One of the most fun aspects of being a backpacker is finding festivals, local events, and celebrations in other parts of the world.
Anybody who has been in India at the time of Holi, Thailand for Songkran, or Mexico for Day of The Dead, will know how exciting it can be to celebrate these kinds of festivities alongside locals in an authentic way.
There are numerous countries in every part of the world that host LGBT Pride events, but have you ever thought about visiting a country to join in with the Pride celebrations?
If not, here are some reasons why you need to add a Pride festival to your backpacking bucket list.
Gay Pride Events Aren’t Just for Gay People
You might be thinking, what reason would there be for me to visit an LGBT event if I don’t exist on the LGBT spectrum myself?
But all the best Gay Pride events have a “the more, the merrier” attitude, and that’s what makes them such fun to be part of.
When I visit Gay Pride parades, I love seeing straight couples having a great time and families who take their little kids along to join in with the celebrations.
At the center of most Gay Pride events is a parade of colorful costumes and floats that meander through a city’s streets, and when you look at all the different visual spectacles, it should become clear that LGBT Pride events are not one size fits all.
Above all, they are a celebration of diversity, and so anybody who is a friend to the LGBT community is more than welcome to the party.
You’ll Learn Stuff
When you are a backpacker, you get to learn so many things about different cultures and places first hand – things that would be far harder to absorb from a book or a YouTube video.
And when you visit a Gay Pride event in any city in the world, you will invariably soak in pieces of information about LGBT people and their culture in that particular place.
I’m a thirty-year-old gay man who has been out since the age of 15, and I still learn new things every time I visit a gay Pride parade.
On my summer trip to Copenhagen Pride, I was heartened to see the proud, smiling faces of LGBT asylum seekers in the parade, and some local friends there educated me about the asylum and refugee culture within Denmark.
As a gay male, I don’t have much connection with the trans community, so I like to use LGBT events as a way to learn more about this important part of the spectrum too.
If you have never been to a Gay Pride parade before, a lot of it will feel alien and new, but keep asking questions and the local community will almost always be happy to fill you in – after all, Gay Pride parades are about visibility, education, and getting the word out there.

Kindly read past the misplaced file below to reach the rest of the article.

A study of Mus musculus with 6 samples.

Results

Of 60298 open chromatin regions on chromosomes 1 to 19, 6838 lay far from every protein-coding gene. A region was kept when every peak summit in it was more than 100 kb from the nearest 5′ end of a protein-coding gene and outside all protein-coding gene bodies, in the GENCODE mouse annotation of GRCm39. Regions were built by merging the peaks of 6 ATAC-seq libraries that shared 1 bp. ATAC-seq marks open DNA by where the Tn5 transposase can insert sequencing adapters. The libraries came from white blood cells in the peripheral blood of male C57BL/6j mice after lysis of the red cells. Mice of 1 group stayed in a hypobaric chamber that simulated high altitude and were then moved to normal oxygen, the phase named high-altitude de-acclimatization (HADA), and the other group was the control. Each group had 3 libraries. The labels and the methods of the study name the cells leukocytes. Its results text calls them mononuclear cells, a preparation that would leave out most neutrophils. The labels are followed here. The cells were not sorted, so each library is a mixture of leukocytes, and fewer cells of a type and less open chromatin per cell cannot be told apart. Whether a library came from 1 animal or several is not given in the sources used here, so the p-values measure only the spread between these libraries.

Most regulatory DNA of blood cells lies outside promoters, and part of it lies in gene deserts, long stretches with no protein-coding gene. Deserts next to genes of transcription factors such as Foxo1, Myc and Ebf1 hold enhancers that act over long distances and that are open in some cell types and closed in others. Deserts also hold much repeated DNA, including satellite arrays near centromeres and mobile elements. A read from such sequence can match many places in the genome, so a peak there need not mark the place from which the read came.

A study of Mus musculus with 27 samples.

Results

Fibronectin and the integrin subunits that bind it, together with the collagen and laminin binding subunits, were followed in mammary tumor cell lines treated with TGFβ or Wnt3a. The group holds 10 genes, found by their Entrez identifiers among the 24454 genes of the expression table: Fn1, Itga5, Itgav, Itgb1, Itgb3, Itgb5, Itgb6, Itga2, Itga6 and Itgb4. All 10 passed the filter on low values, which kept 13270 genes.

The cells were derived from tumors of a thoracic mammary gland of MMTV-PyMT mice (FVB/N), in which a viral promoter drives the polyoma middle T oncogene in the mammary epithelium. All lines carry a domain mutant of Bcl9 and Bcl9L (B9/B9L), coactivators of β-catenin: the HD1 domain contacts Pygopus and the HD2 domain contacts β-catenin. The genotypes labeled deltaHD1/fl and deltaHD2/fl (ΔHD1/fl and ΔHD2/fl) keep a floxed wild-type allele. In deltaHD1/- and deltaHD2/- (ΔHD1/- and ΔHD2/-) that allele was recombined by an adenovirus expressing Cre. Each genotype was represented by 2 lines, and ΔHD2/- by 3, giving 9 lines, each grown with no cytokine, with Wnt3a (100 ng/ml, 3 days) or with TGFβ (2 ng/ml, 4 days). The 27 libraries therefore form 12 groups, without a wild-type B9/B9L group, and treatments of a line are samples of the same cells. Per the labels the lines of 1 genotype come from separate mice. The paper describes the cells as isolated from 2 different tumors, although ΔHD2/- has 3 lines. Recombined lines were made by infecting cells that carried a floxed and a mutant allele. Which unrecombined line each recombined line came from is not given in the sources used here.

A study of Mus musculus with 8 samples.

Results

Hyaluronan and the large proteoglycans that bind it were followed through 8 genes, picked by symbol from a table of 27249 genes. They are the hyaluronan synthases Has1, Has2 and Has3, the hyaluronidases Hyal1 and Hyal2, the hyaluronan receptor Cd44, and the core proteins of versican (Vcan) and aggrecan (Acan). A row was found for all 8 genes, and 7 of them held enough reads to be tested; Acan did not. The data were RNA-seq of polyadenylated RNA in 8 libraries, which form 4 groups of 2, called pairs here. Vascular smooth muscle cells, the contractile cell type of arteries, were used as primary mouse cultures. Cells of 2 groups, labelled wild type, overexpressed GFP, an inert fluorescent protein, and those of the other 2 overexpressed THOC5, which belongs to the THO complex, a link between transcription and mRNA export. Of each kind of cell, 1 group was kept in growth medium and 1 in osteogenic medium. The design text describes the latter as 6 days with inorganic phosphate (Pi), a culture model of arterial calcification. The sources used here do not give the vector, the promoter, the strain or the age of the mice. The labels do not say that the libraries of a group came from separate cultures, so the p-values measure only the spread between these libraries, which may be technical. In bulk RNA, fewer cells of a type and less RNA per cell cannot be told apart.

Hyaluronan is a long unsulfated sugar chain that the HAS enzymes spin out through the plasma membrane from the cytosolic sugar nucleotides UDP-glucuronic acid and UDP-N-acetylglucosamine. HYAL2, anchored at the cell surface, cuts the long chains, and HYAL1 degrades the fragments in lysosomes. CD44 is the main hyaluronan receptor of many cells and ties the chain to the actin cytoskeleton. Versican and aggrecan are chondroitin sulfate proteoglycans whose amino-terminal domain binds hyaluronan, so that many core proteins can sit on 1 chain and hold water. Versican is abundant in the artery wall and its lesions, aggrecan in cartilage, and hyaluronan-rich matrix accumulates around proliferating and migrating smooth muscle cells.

Read this post from Minority Nomad about a straight guy’s first experience at a Pride event and you should be in no doubt about what an education it can be.
You’ll Have Tons of Fun
Yes, you’ll learn stuff at a Gay Pride event, but I think one of the major reasons why Pride events are so conducive to learning is because the education is wrapped up in layers of fun. Gay folks simply know how to party.
During this summer alone, I danced for hours in an outdoor foam party at Barcelona Pride, I screamed at the top of my lungs for hours on end at a three-hour drag show at Copenhagen Pride (drag is everything to me, btw), and I raved it up inside an urban tent at Brighton Pride, grinding up against perfect strangers.
Twenty years ago, when gay marriage wasn’t a thing, LGBT Pride festivals focused more on practical workshops about being gay in the workplace and LGBT sexual health.
Now, it’s still important to keep on learning and pushing things forward, but we also have reason to celebrate what has been achieved in the LGBT community. And again, this is a celebration for straight people too, because an equal world benefits everyone within it.
And if you have a family, and you don’t want to do the all-night partying thing, bring the kids along and enjoy the fun of all the colors, glitter, and smiling faces!
Which Pride Festival to Visit
If you are sold on visiting a Pride parade, you’ll now have to decide which event to visit.
Gay Pride events tend to happen in the summertime, and while they are all over the world, they are more established in Europe and the States.
I lived in Mexico for 18 months – there is an enormous gay culture there, but there isn’t much of a Pride culture.
You’ll be able to find Pride parades in capital cities, towns, and beaches – so the choice is yours. There’s probably even an LGBT Pride event in your home town, so you have no excuses not to visit one.
If you have any questions about LGBT Pride events, just let me know in the comments.